Modifying the Tait T199 Power Module for Class AB1
Firstly, I have a confession to make. My earlier statement that the power output from my BLY89A-based 4m PA was 35W was grossly optimistic. In hind-sight I can see where the error came from . . . When measuring the current drawn by the PA, I had omitted to take various other devices into account . . . And, well . . . The actual output power was only 15W . . . NUTS!
Some time ago, I began contemplating a high power 4m PA employing a pair of BLW86’s. Unfortunately, this was a project that was for some reason, blighted with problems. Using John, G3WZT’s excellent guidelines, I came up with a design. John even checked my calculations and was kind enough to point out an error. I was very confident that it would work. But alas, no! I suspect there might actually be a problem with the BLW86 at 70MHz. It is interesting to note from the manufacturer’s data sheet, that the input and output characteristics are given in two parts . . . above 70MHz and below 70MHz . . . Makes you wonder! I blew two devices, or the same device twice, if you know what I mean? I convinced myself that a push-pull amplifier was a non-starter so I knocked up a single stage amplifier having done fresh calculations for the input and output matching networks. I was about to congratulate myself, until I discovered that it was producing almost as much ‘hoot’ as desired power . . . NUTS again!
. . . Finally, I turned my attention the the T199 PA blocks available from www.technoloya.co.uk. The advantage with these units is that since their heritage is ‘land-mobile’, they operate from 13.8V, unlike the BLW86 which requires 28V. Another distinct advantage is that they are essentially ‘no-tune’ power blocks. Tait have spared no expense in employing high quality Semco mica capacitors throughout.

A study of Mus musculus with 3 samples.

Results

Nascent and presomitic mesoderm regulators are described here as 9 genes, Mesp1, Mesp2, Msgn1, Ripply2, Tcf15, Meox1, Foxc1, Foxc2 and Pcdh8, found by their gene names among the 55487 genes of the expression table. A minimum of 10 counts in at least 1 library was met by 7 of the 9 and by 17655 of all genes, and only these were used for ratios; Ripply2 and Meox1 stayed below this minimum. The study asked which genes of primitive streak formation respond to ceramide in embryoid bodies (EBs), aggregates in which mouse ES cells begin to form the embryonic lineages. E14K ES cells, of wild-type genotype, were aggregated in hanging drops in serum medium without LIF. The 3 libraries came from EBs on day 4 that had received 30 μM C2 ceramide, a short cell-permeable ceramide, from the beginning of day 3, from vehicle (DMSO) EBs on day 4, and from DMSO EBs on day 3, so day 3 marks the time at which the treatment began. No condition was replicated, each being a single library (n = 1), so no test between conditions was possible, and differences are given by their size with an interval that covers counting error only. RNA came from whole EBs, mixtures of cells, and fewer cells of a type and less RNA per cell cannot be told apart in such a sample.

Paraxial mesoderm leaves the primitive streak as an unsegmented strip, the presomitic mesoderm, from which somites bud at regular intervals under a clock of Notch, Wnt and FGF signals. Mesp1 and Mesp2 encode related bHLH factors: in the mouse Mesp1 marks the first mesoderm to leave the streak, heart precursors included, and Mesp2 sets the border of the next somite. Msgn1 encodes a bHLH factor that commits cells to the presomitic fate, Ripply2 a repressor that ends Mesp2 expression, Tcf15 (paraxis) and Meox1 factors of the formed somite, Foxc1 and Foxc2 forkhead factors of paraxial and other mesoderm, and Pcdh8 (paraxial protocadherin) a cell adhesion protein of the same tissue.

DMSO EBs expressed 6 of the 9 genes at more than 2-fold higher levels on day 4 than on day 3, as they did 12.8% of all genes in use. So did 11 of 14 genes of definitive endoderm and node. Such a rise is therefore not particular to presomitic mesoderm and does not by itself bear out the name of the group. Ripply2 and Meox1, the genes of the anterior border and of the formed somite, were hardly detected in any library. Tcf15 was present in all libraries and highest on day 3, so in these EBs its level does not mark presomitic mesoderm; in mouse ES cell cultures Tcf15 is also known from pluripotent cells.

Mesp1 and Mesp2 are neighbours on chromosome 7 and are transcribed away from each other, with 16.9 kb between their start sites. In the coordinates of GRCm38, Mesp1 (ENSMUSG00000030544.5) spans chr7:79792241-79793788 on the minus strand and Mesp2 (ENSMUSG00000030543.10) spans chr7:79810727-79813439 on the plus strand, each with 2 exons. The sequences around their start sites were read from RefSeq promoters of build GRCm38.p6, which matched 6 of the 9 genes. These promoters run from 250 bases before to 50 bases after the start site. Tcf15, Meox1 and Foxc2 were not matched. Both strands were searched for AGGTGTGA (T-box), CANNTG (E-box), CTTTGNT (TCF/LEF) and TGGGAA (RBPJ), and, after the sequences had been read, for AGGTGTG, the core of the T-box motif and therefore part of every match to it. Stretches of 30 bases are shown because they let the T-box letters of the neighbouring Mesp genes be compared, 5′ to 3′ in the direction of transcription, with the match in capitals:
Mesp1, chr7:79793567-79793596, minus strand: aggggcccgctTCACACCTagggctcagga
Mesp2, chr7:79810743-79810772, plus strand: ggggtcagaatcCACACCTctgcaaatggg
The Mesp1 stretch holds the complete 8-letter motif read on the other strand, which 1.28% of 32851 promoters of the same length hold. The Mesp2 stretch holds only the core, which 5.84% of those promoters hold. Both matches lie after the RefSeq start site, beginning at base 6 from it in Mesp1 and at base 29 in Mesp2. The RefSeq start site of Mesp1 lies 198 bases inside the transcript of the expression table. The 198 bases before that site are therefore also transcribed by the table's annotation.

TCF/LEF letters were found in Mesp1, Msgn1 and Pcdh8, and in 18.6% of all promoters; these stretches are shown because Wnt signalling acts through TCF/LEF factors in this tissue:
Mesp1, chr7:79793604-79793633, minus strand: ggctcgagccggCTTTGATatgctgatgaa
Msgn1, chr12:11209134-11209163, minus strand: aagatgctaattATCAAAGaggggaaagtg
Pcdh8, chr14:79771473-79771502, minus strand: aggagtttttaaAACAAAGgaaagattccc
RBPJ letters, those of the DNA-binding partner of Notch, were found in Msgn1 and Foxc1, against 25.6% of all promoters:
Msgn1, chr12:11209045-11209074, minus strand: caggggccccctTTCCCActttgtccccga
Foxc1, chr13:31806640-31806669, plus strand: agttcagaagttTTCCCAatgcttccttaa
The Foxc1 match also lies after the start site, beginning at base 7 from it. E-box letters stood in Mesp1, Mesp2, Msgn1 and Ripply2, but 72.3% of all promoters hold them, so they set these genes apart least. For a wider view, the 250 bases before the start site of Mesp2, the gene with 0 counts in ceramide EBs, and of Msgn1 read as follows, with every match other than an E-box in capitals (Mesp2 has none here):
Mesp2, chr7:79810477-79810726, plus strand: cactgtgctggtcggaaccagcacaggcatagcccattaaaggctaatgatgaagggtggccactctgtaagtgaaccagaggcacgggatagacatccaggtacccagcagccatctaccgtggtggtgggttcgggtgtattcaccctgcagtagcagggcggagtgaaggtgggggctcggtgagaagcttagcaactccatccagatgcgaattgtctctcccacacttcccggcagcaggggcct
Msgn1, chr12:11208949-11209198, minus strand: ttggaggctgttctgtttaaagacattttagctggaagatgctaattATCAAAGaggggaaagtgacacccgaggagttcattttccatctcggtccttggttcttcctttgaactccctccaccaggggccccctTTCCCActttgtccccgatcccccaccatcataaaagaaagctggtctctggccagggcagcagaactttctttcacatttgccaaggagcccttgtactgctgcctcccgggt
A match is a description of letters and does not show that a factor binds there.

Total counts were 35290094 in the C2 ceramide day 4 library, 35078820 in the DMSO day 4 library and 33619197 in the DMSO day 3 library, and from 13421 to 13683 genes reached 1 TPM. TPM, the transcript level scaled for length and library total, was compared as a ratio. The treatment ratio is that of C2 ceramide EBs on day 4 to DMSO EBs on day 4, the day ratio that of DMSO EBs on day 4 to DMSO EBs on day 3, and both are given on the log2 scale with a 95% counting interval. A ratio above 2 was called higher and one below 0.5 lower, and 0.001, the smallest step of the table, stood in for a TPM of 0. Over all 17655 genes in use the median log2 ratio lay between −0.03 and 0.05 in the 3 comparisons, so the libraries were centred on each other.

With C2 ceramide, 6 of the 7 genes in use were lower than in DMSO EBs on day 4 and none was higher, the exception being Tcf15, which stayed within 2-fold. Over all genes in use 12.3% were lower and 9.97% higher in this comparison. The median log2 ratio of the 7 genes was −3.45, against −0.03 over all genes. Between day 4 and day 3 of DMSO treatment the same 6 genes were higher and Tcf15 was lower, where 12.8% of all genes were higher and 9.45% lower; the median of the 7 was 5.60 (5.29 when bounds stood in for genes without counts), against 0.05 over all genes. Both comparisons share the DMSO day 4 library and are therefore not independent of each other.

Unfortunately the amplifier is biased for Class-C operation and close examination of the circuit diagram showed that as well as L503 and L510 DC-grounding the bases of each of the two transistors, the driver (SD1012) has a 47R resistor (R502) ‘slugging’ the Base-Emitter junction and the PA device (SD1019/11) has a 22R resistor (R504) in a similar position. It is clearly evident that these two resistors play a critical role in impedance matching and therefore cannot be removed without affecting the overall performance of the amplifier. The solution is to lift the ‘earthy’ ends of each resistor and fit a 1uF chip capacitor between the resistor and ‘ground’. This way the resistor is only effective at RF. This done, the next step is to bias the two transistors for Class-AB1 operation. There are several ways of biasing bipolar transistors but the most effective and reliable circuit is shown below.
The bias output voltage is the base-emitter junction drop of Q1 plus the drop across R4. R1 must be selected to provide sufficient base drive current for Q2, set by it’s hFE. The only requirement is that Q1’s VBE(f) at that current must be lower than that of the RF transistor at it’s bias current level. The maximum current capability depends on Q2 and R2. The power dissipation of Q2 can be up to a few watts and in most cases should be heat sunk, but must be electrically isolated from ground. The value of R2 can be calculated as (VCE-VCE (sat))/Ib. 2 of these circuits are required (one for each transistor) for the T199 board.